New Jersey is set to receive $58,202 after entering into a multi-state settlement agreement with acute care hospitals operator CHS/Community Health Systems Inc. related to a 2014 data breach that resulted in the copying and transfer of data belonging to 6.1 million patients, including more than 45,000 New Jerseyans, Attorney General Gurbir Grewal announced Thursday.
At the time of the data breach, Franklin, Tenn.-based CHS owned, leased or operated 206 affiliated hospitals across the country, including two clinics in New Jersey.
The data breach compromised patients’ names, birthdates, social security numbers, phone numbers and addresses.
The payout of the settlement to 28 states totaled $5 million.
In addition to monetary payment, the settlement requires CHS to put in place data protection measures aimed at creating and maintaining a comprehensive security program that will safeguard both personal information (PI) and protected health information (PHI).
“All companies – but particularly those who deal on a regular basis with peoples’ sensitive personal information, including their private medical information – have a duty to use appropriate security measures to protect such data,” said Grewal in a prepared statement. “When companies fail to effectively safeguard the data they store, we know from history that hackers will seek to exploit that failure.”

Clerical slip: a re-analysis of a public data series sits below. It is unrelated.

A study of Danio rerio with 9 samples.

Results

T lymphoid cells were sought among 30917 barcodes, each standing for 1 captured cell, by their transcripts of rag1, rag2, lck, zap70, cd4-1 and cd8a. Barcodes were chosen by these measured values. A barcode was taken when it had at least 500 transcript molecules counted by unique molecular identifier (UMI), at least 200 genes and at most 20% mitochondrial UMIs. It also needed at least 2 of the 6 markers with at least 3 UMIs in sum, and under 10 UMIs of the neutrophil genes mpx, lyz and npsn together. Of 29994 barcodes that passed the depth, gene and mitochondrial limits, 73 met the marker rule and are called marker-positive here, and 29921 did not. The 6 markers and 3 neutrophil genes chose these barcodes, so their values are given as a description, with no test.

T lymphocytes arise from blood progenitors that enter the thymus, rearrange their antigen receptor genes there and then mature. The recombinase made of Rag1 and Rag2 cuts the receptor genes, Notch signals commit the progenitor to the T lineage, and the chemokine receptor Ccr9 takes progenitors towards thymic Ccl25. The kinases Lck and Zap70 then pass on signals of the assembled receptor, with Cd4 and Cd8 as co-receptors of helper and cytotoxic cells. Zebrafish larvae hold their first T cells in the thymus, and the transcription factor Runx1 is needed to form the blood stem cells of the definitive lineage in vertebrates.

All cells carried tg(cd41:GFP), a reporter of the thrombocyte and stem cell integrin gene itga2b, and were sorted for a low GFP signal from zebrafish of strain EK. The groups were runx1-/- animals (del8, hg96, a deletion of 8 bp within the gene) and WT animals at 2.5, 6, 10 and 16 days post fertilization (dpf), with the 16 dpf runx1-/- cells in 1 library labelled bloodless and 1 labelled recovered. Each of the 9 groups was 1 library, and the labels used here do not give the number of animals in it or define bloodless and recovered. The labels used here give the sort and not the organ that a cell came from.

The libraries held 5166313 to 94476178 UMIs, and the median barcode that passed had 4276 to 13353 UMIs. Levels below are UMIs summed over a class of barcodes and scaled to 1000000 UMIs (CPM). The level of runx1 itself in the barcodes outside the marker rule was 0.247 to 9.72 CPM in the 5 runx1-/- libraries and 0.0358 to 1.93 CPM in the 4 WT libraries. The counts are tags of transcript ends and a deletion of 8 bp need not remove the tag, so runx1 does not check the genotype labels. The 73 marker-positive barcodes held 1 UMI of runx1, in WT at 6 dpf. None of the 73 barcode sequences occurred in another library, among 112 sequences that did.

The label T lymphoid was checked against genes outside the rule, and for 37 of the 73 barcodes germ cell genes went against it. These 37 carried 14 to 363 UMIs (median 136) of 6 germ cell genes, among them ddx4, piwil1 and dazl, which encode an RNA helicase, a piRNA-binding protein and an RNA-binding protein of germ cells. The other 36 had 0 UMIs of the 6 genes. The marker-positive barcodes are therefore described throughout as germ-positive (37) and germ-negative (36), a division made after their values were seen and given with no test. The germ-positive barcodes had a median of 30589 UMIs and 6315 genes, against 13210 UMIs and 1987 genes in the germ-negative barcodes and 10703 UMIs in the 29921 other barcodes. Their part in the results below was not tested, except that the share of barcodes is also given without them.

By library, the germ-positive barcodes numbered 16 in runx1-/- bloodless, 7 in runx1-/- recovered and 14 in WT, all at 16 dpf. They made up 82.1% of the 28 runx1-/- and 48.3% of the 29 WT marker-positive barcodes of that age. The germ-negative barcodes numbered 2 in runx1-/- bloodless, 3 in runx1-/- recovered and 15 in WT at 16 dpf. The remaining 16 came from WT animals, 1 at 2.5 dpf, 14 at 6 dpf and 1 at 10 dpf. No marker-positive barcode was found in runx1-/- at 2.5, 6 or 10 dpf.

Information security measures required under the settlement include the development of a written incident response plan; incorporation of security awareness and privacy training for all personnel with access to PHI; limitation of unnecessary or inappropriate access to PHI; and implementation of specific policies and procedures regarding business associates, including use of business associate agreements and audits of business associates.
“When businesses fail to maintain the kind of security measures that will safeguard sensitive consumer information, data breaches become easier for cybercriminals,” said Acting Division of Consumer Affairs Director Paul Rodriguez in a prepared statement. ” This settlement should serve as a message to all patient-care-related businesses in New Jersey that there are consequences attached to not protecting the data they typically ask for – and in many cases require – from consumers.”
States participating in the settlement are Alaska, Arkansas, Connecticut, Florida, Illinois, Indiana, Iowa, Kentucky, Louisiana, Massachusetts, Michigan, Mississippi, Missouri, Nebraska, Nevada, North Carolina, Ohio, Oregon, Pennsylvania, Rhode Island, South Carolina, Tennessee, Texas, Utah, Vermont, Washington, and West Virginia.